My local library

When I was at primary school, we’d sometimes walk round the back of the carpark, up the back road and to my local library.  It was a treat – a special day.  We’d sing “the wheels on the bus go round and round” (endlessly) and get to choose a couple of books each to read, and maybe a book to borrow, and some kids would huddle in groups comparing pictures, and others would sit on squishy bags in corners and read until it was time to go.

Then I started violin lessons (I was crap) and would get to visit, once a week, an even bigger library.  The day I got my grown-up borrowing card was a revelation.  I started working through the entire SF/Fantasy shelf from top to bottom, tore through the YA section, occassionally borrowed a VHS as a Wednesday evening treat.

At secondary school, I was lucky enough that my school had a big, comfy library that I could just camp out in.  My journey to school was an hour and a half there, and the same back.  For a good book, I’d sometimes adapt my route, sticking on the Piccadilly Line as far as Manor House and then back-tracking by bus, so I’d have more time in one seat to read.  I was the kid who read on the escallator.  Books were everything.

The library at LSE had an incredibly annoying staircase, which gave electric shocks when you touched the handle, and had steps just a little too shallow and a little too wide to comfortably climb.  I’d rock up once a week, borrow my own weight in books, and read them back in halls.  I learnt everything I know about the Algerian War of Independence in the bath.  I will forever associate the Spanish Armada with peanut butter sandwiches.

My local council library was a few hundred yards from my hall of residence.  When my brain melted, I’d slick off there.  That was where I finally got my hands on a ready, free supply of graphic novels (my knowledge being almost entirely determined by what the library had in stock) and the miracle of new technology that was the DVD.

At Ra-de-da, the library was full of play scripts.  In my first year, I read so many that I actually won a prize for how much I used the library.  In my first year I also had a lot of really crappy show roles, including the joyful time I spent 5 days sat by myself in the dark waiting to open a door, only for my cues to be cut at dress rehearsal ‘cos it turned out, actors can open doors all by themselves.  I read by torchlight, and it kept me sane.

I did a course on how to negotiate at my local library, ‘cos I could.  My Mum goes to hers to learn how to use her computer.  I have written sizeable chunks of novels in numerous libraries, and been shushed for typing too loud; and if I have an hour to kill I will find the nearest library and just take shelter with any shelf, any topic that crops up, because ultimately, stories are wonderful and knowledge is great.  I learnt about the history of He-La cells while waiting for a martial arts class, and failed to get to grips with Katakana in between job interviews.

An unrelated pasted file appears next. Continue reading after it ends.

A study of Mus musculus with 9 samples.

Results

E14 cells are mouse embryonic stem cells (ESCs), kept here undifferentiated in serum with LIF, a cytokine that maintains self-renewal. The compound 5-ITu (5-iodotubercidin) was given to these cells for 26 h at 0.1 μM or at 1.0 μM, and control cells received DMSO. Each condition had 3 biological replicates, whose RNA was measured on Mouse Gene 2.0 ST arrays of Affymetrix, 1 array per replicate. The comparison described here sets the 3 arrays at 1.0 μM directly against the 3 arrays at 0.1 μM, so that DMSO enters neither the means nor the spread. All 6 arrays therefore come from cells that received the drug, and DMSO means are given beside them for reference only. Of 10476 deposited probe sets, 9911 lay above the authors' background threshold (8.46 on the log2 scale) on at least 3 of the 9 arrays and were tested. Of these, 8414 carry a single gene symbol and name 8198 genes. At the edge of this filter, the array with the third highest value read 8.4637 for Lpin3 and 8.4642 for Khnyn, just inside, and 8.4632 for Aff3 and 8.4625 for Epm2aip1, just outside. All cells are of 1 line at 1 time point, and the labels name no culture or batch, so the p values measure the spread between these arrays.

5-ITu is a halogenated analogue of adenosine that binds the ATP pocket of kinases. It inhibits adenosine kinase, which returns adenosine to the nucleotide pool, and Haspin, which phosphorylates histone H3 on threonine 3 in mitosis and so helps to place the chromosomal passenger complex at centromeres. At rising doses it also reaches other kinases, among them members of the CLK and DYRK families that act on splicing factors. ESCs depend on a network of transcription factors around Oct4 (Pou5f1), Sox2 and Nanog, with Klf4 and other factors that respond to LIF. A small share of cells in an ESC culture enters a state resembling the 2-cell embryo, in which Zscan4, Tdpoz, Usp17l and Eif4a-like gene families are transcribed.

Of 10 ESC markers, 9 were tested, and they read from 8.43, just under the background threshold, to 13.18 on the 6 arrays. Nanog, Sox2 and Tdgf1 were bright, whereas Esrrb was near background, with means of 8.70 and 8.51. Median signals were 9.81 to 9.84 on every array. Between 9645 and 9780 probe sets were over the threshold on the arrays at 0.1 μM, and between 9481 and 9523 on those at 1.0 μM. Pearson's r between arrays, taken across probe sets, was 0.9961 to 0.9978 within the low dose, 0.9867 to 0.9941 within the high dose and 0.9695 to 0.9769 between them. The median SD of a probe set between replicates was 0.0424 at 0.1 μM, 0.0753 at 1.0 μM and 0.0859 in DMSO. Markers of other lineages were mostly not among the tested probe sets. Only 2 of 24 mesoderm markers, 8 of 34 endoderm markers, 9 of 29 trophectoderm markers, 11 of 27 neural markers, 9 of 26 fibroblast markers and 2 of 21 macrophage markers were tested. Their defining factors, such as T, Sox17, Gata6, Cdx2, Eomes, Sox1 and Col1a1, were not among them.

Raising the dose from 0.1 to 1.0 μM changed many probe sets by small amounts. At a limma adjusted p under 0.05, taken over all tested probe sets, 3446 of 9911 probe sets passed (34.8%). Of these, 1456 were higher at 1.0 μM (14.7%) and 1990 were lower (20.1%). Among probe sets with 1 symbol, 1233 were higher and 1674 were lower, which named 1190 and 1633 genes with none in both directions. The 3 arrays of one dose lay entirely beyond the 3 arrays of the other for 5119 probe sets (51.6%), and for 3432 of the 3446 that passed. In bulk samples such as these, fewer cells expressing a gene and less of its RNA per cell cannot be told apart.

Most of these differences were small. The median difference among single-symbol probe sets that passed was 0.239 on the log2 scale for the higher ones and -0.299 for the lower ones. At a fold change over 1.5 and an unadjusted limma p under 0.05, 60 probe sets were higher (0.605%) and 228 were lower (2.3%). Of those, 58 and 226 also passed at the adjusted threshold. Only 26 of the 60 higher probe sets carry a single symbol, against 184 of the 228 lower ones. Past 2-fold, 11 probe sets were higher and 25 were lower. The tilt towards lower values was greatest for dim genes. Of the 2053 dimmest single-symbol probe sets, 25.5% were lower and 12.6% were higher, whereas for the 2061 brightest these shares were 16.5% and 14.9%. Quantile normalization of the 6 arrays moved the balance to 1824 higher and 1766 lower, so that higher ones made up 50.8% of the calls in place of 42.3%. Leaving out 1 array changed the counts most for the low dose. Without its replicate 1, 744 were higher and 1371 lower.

I know I’m, ultimately, a bookish geek-nerd, and I’m cool with that.  I know that there are many people for whom libraries aren’t a beacon of hope, comfort and warmth.  Figures show that attendence is dropping off slowly in many areas, but what they don’t show is just how much more a properly funded library can give to its community.  The Tory government has obliterated library spending, and every year more and more libraries are forced to close.  That’s not just a place for children and adults alike to find stories, to discover culture and the understanding that unites us all; it’s a place to learn languages and life-skills, to be inspired with new ideas, to find shelter from the cold with a world of knowledge, to learn technology and basic finance, to meet your community.  Where libraries close, education falls, but the impact of culture on our society is so much more.  When you take away our culture, you take away the very tool of language that brings us together.  Stories are our glue; without stories there is no society.

Please help protect your library.  There are campaigns such as the Library Campaign and Voices For The Library, there are petitions both local and through sites such as 38 Degrees.  There’s also just voting, whenever you can – voting against the brutal austerity that is gutting civil society, and for change.  I live in a constituency that, in our first past the post system is unlikely to flip any time soon; but every vote I cast in a local or general election is another voice raised for better ideas.  All it takes is enough of us, and we can change policy, and our leaders. 

Until then, take some time one lazy day to visit your library.  It is yours, a part of your community, and a gift to us all.